Does your health improve or decline during bad economic times?
Some economists argue that lost jobs can mean lost health insurance. People without money to spare sometimes skimp on buying medication they need or can't afford gym memberships.
But another school of economists believe health improves during hard times. Idled factories spew less pollution and fewer people commuting to jobs means fewer traffic deaths. Laid-off workers also have more time to exercise and cook for themselves and less money to eat out.
An Associated Press analysis of economic data and death rate estimates from the past two years suggests that in the latest downturn, at least, economic stress appears to be linked to worse health.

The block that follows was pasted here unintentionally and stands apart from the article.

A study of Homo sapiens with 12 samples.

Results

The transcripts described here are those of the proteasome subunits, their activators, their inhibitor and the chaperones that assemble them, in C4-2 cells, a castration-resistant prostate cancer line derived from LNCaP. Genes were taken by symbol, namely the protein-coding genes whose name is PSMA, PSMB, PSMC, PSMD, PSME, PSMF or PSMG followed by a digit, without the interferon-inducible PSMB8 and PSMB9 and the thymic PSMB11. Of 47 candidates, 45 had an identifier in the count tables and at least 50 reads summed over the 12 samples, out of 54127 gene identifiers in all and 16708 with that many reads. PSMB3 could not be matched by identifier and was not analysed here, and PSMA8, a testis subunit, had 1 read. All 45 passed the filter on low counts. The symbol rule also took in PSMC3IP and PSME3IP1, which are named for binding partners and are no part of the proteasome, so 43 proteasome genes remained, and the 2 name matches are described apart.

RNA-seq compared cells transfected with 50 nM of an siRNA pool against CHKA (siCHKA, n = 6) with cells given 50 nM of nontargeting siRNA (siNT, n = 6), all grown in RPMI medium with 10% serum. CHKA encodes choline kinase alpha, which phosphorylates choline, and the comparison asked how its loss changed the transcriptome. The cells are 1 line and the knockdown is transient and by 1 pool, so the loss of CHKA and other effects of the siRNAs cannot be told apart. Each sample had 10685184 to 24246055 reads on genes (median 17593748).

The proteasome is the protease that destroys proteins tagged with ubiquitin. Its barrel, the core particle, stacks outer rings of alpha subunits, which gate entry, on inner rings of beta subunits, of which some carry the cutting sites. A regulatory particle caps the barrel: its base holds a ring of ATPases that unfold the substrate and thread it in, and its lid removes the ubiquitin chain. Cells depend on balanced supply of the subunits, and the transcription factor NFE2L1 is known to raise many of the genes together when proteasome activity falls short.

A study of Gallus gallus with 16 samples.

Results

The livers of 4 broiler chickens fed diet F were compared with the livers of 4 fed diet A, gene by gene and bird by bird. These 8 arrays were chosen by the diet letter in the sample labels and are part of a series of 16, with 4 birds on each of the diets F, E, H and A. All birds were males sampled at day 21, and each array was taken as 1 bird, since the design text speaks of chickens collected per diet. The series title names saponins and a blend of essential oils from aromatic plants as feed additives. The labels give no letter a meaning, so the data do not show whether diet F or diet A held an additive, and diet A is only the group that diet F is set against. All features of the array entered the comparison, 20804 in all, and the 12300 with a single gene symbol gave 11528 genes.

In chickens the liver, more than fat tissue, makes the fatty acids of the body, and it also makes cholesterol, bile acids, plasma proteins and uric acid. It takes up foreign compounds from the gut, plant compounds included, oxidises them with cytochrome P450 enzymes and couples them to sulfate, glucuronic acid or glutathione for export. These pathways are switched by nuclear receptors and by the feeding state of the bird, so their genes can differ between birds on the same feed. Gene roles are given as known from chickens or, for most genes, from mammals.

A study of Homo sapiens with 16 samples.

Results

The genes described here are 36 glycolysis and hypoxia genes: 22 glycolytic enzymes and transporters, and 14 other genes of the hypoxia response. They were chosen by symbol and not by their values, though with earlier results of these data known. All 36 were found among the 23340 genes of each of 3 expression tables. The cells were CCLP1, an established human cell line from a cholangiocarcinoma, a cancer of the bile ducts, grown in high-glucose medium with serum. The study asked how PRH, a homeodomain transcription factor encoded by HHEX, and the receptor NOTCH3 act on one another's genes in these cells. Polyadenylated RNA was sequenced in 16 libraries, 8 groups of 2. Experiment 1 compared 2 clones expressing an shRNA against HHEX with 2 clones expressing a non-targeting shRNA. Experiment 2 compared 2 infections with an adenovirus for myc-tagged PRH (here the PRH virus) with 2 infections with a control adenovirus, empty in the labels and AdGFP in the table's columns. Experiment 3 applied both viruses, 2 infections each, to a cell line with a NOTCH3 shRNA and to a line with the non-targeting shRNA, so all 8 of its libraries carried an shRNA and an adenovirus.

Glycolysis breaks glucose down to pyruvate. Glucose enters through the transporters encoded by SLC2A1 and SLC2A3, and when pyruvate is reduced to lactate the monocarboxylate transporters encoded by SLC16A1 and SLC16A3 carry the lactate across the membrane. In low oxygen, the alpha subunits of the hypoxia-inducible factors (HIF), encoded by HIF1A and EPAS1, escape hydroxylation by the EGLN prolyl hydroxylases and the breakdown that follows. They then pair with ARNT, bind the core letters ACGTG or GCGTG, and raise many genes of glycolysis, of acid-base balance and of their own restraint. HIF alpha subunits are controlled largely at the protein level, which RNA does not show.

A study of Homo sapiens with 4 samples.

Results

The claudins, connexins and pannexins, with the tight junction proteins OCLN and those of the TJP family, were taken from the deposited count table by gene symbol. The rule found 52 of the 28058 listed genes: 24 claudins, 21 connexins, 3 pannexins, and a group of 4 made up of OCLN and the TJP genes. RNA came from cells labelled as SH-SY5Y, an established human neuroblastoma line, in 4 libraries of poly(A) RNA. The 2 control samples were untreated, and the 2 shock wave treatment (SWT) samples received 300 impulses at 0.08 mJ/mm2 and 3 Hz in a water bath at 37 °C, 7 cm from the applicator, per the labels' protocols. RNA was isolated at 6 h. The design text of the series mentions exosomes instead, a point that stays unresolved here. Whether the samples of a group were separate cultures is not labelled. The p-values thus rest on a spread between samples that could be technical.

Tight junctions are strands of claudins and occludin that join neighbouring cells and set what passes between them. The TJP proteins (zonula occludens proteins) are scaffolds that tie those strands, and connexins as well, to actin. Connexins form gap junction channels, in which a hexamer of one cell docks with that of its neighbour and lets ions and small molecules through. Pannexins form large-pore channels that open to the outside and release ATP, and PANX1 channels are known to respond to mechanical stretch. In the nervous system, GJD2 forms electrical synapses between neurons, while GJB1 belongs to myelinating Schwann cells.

U.S. Health and Human Services Secretary Kathleen Sebelius reiterated Tuesday that she won’t intervene in the “incredibly agonizing” case involving a 10-year-old Pennsylvania girl who is waiting for a lung transplant, telling members of Congress that medical experts should make those decisions.
One of the first provisions of the 2010 health reform law has had its intended effect: shifting costs from hospitals, taxpayers and families to health insurance companies, researchers reported on Thursday. It’s one of the most popular aspects of the law.
People may realize that fast food isn’t health food, but they don’t realize just how fattening it really is, researchers report. They surveyed people eating at 10 burger, chicken, sandwich and doughnut chains and found they greatly underestimated just how much they were chowing down.
A new line of caffeinated chewing gum is causing jitters among health advocates and prompting federal officials to take a new look at the proliferation of jolt-infused foods, including those marketed to children and teens.